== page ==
A press pack of about 20 is building up outside the luxurious Canterbury home that Kylie Minogue bought for her parents for $2.4 million in 2002. And Herald Sun editor Peter Blunden estimates that 12 British journalists are in the air to join what will inevitably become an almighty scrum.

Any chance Kylie’s family bunker could have been kept secret at this tumultuous time were dashed by The Age back in 2002 when the supposedly responsible broadsheet ran a story on the purchase on page 3, revealing a picture and the street, which we won’t be naming. Blunden this morning told ABC radio that he responsibly declined to run photos of the house last night, but it will be interesting to see if the television cameras can resist the temptation.

Channel Nine’s position is particularly interesting given that Kylie’s brother, Brendan Minogue, is a Melbourne-based cameraman for the network. Will Brendan deliver 60 Minutes or Ray Martin the exclusive interview? Only time will tell, but Kylie certainly won’t need to sell her story as she’s already worth close to $100 million and had sold more than $10 million worth of tickets for her Australian leg of the Showgirl tour.

Let’s hope the press pack doesn’t get struck by lightning because the Canberbury street in question has now undoubtedly built a reputation as the most cursed avenue in the country. These are some of the problems that have hit past and current residents of the street:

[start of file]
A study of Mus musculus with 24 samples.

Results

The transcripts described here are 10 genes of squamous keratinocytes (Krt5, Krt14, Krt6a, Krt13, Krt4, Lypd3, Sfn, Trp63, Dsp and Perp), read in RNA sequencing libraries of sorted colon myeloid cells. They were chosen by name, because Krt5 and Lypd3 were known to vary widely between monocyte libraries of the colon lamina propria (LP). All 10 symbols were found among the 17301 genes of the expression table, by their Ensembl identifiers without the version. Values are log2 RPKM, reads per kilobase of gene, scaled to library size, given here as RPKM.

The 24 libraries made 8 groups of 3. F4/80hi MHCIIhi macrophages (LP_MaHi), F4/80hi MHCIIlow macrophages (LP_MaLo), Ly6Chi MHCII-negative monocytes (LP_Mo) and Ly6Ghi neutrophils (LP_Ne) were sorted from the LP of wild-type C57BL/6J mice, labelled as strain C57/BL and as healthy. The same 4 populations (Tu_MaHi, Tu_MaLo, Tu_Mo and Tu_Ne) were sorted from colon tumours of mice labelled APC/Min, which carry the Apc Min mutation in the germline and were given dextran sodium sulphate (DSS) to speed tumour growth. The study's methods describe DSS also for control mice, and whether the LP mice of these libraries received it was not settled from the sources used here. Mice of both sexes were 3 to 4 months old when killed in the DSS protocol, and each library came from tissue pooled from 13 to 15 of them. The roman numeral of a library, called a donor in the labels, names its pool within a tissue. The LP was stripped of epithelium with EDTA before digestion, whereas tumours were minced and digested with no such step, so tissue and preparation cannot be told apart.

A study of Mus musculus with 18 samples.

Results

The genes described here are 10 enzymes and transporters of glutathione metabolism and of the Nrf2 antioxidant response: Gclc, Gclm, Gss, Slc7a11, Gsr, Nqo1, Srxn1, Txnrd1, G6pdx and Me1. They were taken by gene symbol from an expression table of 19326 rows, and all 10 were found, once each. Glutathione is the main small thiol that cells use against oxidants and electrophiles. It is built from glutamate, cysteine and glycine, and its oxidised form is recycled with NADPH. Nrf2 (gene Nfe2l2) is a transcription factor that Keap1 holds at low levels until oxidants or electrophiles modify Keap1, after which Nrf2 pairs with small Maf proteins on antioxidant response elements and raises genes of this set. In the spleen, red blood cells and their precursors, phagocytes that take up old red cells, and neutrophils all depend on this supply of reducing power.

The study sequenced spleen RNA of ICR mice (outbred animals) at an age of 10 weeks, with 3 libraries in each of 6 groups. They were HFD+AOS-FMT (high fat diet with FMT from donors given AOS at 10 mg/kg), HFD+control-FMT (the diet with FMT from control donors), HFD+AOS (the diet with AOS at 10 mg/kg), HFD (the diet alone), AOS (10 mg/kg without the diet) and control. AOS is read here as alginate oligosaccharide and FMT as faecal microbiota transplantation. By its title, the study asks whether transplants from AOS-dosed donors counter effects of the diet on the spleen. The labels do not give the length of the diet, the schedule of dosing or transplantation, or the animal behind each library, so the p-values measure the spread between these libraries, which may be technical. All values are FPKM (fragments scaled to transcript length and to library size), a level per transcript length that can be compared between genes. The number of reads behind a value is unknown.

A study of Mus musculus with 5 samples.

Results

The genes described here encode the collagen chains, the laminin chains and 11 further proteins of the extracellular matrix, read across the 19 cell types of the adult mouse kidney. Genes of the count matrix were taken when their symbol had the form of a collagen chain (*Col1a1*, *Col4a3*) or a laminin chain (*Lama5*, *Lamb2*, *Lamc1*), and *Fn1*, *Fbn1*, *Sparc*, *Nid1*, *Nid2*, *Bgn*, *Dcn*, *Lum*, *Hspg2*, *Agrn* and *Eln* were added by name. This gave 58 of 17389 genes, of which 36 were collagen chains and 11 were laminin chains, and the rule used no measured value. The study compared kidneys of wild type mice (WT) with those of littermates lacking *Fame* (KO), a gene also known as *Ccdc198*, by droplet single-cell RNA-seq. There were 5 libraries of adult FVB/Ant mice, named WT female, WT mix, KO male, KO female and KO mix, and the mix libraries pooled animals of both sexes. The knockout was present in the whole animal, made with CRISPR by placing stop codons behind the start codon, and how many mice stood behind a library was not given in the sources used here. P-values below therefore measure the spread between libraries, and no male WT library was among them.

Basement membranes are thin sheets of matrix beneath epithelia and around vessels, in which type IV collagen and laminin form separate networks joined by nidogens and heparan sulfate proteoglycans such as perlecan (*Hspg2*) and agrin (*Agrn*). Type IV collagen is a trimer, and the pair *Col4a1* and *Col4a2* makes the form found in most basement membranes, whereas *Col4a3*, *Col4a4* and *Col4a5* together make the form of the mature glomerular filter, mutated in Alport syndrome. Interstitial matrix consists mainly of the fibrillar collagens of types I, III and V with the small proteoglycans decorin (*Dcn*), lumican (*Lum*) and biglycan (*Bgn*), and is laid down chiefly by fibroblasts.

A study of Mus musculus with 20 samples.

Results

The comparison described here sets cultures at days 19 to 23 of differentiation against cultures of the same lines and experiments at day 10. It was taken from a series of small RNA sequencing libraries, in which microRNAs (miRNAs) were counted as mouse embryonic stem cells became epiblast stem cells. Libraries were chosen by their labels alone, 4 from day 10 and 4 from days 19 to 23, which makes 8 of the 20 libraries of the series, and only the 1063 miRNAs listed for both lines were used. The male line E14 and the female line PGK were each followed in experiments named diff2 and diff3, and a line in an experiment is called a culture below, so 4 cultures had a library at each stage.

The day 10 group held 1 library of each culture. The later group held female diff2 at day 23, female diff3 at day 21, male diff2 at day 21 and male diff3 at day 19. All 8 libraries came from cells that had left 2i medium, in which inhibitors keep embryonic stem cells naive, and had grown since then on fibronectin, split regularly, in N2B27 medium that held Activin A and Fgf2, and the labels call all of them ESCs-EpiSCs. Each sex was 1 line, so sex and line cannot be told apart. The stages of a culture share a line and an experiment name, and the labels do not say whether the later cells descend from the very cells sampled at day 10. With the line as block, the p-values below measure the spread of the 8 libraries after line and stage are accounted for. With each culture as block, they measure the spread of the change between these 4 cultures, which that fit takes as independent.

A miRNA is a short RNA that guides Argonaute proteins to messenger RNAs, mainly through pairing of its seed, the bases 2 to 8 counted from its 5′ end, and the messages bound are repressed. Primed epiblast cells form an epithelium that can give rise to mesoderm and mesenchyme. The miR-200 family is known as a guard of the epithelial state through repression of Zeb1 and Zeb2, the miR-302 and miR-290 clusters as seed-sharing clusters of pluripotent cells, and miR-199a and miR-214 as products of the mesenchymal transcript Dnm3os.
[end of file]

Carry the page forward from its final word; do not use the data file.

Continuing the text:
Current residents
Russell Jones: sacked as Amcor CEO last year for alleged cartel behaviour
Frank Cicutto: resigned as NAB CEO last year after foreign exchange trading scandal
Garry Lyon: former Melbourne Football Club captain whose marriage has just broken up
Kylie Minogue: diagnosed with breast cancer when staying in the house she bought for her parents
Ian Herdman: ousted boss of Grey Advertising who spent a year in the courts battling over entitlements

Former residents
Rupert Hamer: former Victorian Liberal Premier died last year
Andrew Peacock: lost a long power struggle with John Howard while living in the street
Stan Wallis: former Amcor boss whose reputation was destroyed by the disasters of AMP

Jon Faine was whingeing about the press pack on ABC local radio this morning and even asked an oncologist whether the media attention could make Kylie’s problem worse. But then he crossed straight to an ABC reporter outside the 1940s, two-storey property on more than 2,600 square metres, which features a heated swimming pool and tennis court.